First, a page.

Hiromichi Shirasu, MD, discusses the design of the GALAXY trial, part of the CIRCULATE-Japan project, which is examining circulating tumor DNA in patients with resectable colorectal cancer.
Hiromichi Shirasu, MD, of the Shizuoka Cancer Center in Shizuoka, Japan, discusses the design of the GALAXY trial (UMIN000039205), part of the CIRCULATE-Japan project, which is examining circulating tumor DNA (ctDNA) in patients with resectable colorectal cancer (CRC).
GALAXY is a prospectively-conducted, large-scale, registry designed to monitor ctDNA status in patients with stage II to stage IV CRC who are undergoing surgical resection, according to Shirasu. Blood samples will be collected from patients before they undergo surgery, as well as at 4, 12, 24, 36, 48, 72, and 96 weeks after resection, Shirasu says. Additionally, computed tomography scans will be conducted every 6 months after surgery for 7 years, Shirasu adds.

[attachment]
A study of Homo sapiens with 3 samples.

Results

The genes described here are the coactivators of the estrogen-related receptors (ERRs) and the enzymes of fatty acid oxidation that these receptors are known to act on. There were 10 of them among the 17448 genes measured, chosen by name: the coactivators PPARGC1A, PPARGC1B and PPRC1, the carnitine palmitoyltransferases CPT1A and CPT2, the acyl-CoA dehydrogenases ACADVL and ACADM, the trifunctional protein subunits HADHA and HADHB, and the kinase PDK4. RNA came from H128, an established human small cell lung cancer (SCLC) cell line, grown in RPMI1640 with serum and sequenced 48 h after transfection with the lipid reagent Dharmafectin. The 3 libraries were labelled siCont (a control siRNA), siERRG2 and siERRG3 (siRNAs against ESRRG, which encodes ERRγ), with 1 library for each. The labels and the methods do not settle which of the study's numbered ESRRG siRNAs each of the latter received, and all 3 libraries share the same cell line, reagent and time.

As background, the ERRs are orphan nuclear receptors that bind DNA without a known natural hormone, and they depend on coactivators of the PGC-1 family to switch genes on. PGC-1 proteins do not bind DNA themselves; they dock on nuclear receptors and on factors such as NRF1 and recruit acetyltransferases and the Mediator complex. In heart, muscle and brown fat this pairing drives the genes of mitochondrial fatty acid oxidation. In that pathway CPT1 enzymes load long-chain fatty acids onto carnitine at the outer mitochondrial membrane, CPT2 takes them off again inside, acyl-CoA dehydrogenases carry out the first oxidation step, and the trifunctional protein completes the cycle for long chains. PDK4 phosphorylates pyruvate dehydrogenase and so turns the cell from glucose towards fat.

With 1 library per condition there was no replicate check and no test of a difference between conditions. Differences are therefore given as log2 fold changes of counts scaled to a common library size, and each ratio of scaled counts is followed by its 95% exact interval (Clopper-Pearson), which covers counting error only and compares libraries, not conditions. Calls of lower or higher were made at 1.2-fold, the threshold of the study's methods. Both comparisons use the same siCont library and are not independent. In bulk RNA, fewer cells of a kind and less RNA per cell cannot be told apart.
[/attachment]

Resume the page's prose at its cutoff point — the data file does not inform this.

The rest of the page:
Once results from the assay are received, patients can then be considered for enrollment to the phase 3 VEGA trial, which will assess observation vs adjuvant capecitabine plus oxaliplatin in patients from the GALAXY study who have high-risk stage II disease or low-risk stage III disease; or the phase 3 ALTAIR trial (NCT02305238), which will evaluate the superiority of trifluridine/tipiracil vs placebo in GALAXY participants with ctDNA status that remains positive after the standard therapy, Shirasu explains. Additional samples will also be collected for assessment, and a total of 2500 patients will be enrolled to the study, Shirasu concludes.